One of the most challenging and expensive zoological exhibits to build today are those designed for marine mammals. In addition to creating an attractive, functional exhibit, animal welfare issues are an important concern. In particular, a sophisticated life support system designed to maintain excellent water quality must be present. Historically cetaceans have required more stringent water quality parameters than pinnipeds, but it is clear that with the number of chronic pinniped eye problems seen in zoos and aquariums today, that water quality should be assigned a higher priority than it has been in the past. Life support systems should be designed to maximize the cleansing of the water while minimizing the amount of caustic chemical additives. Chlorine spikes and residual ozone levels have been blamed for the majority of eye problems seen in captive pinnipeds. Bright reflective pool colors and a lack of shade may exacerbate existing eye problems caused by chemical spikes or other etiologies. Pinniped exhibit design should include plans for shading at least a portion of an exhibit to offer animals with eye problems or other health issues relief from bright sunny conditions. Light reflective pool colors are often selected to enhance the public viewing of the animals as well as improve the appearance of the water. However, this color choice may result in exacerbating or even causing some of the more common eye problems seen in captive pinnipeds today.
Pinniped exhibit design is often a balance between functionality, practicality, appearance, and budget. Architects or building contractors with little marine mammal experience may err by designing an exhibit that has a pleasing appearance but does not result in an optimal living situation for the animals. Pinnipeds such as California sea lions (Zalophus californianus) or harbor seals (Phoca vitulina) have specialized physiology which requires careful planning when designing their exhibit. The use of gunite, especially hollow gunite-covered walls in the exhibit construction may render areas unusable to the animals on warm or hot days. The color of the walls may be chosen because it has a pleasing appearance, however, some colors are more solar-reflective, and will reflect longwave and shortwave radiation back into the exhibit, causing the exposed and shaded beach areas to exceed the upper critical temperature for sea lions, which is defined as the temperature which requires heat loss for a species.1
Otariids, in general, and California sea lions, in particular, appear to be limited in their ability to thermoregulate at high ambient temperatures while they are on land. In natural habitats, sea lions use a variety of behavioral options to maintain a balance between heat loss and heat gain. When pinnipeds are housed in captive situations, their choices of how to thermoregulate may be limited by the health of the animal, the exhibit design and construction, housing constraints imposed on the animal(s), or social interactions with other animals in the exhibit. During periods of time when ambient temperatures reach over 30°C extra caution should be taken to ensure sea lions do not become hyperthermic. Providing full shade and a constant water spray to sea lions without access to pools may help to prevent hyperthermia. Adding shade to an existing exhibit, and/or altering the gunite surfaces to decrease both the surface temperature and the reflectance of shortwave radiation, as well as designing the interior of the gunite structures to optimize their properties of heating and cooling should be considered to help minimize the thermal burden on the sea lions.1 More studies need to be done on harbor seals to determine their upper critical temperature and thermoregulatory abilities.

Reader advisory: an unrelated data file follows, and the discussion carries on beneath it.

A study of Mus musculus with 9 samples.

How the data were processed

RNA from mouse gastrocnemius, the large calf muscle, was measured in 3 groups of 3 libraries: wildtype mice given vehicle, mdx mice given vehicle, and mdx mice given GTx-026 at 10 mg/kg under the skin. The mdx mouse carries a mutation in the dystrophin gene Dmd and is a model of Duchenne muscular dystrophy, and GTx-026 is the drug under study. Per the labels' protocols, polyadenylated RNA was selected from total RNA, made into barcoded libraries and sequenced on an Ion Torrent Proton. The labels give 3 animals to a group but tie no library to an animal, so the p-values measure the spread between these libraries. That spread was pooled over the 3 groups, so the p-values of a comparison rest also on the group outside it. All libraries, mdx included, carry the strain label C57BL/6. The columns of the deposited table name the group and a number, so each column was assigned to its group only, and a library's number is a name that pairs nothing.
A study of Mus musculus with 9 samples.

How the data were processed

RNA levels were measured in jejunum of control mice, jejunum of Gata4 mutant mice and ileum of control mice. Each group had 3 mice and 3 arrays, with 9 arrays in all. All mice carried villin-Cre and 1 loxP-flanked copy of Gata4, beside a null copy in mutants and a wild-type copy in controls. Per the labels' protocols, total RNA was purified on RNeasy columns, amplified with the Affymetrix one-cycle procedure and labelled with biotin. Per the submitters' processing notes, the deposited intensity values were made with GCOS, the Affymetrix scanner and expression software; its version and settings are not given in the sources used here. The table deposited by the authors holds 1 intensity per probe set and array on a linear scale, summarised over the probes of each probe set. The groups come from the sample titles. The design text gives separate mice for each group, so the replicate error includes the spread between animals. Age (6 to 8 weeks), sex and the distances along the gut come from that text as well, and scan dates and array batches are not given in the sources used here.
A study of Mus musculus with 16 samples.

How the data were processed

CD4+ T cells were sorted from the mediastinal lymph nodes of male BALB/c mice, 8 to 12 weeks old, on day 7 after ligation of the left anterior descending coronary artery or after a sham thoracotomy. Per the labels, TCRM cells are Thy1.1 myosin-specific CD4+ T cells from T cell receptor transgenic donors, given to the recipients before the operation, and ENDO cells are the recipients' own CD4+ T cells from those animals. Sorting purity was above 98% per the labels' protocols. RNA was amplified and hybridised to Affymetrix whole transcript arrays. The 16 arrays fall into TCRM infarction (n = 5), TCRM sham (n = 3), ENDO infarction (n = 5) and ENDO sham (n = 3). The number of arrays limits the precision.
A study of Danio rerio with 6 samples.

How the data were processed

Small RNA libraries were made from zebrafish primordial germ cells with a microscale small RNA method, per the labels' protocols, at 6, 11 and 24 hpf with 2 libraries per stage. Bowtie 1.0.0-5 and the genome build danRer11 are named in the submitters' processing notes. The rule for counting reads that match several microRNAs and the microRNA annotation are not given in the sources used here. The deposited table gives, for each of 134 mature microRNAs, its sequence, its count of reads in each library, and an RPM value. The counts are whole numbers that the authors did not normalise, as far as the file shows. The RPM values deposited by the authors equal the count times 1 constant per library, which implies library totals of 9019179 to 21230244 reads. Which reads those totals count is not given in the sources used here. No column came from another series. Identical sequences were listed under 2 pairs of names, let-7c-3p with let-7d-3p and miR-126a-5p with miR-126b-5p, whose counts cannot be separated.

Hollow gunite rockwork has been utilized to create attractive underwater rock outcroppings and arches. On warm or hot days, the gunite will absorb the radiant energy and transfer that heat directly into the water, causing the water temperature to rise and placing more heat burden on the water chilling system, or if that is lacking, then on the animals themselves.
The ease of use of the exhibit for the animals should also be considered. Sloping beaches are optimal to allow young harbor seal or sea lion pups or geriatric animals to easily exit the pool. Several separate haul-out areas help to minimize male aggression. A visual block whereby one animal may rest out of view of another may also mediate male aggression during breeding season. Exhibits, especially walrus enclosures, should be designed so the public cannot drop or throw items into the pool.
Back areas should be designed to permit multiple functions. Large flat dry areas may be utilized for training purposes or medical procedures. Fully shaded flat pens with a built-in shallow pool are useful for housing mothers with young pups or allowing debilitated animals unsupervised access to water. Back areas should be large enough to accommodate specialized equipment necessary to move larger pinnipeds. Dry haul-out areas and back areas should be designed to be washed down and disinfected directly into sewer drains rather than into the pool.
Walrus exhibits require more planning and careful design than those for other species of pinnipeds. Due to their large size, they must have reinforced gates or doors to their exhibit. Walruses are capable of disassembling nuts and bolts and are notorious for damaging or consuming window sealant material from around underwater viewing windows. Walruses may also cause damage to the exhibit when using their tusks. Walruses are more apt to consume foreign objects than other pinnipeds, possibly resulting in surgical intervention or death.
1. Langman VA, Rowe M, Forthman D, Whitton B, Langman N, Roberts T, et al. Thermal assessment of zoological exhibits 1: sea lion enclosure at the Audubon Zoo. Zoo Biol. 1996;15:403–411.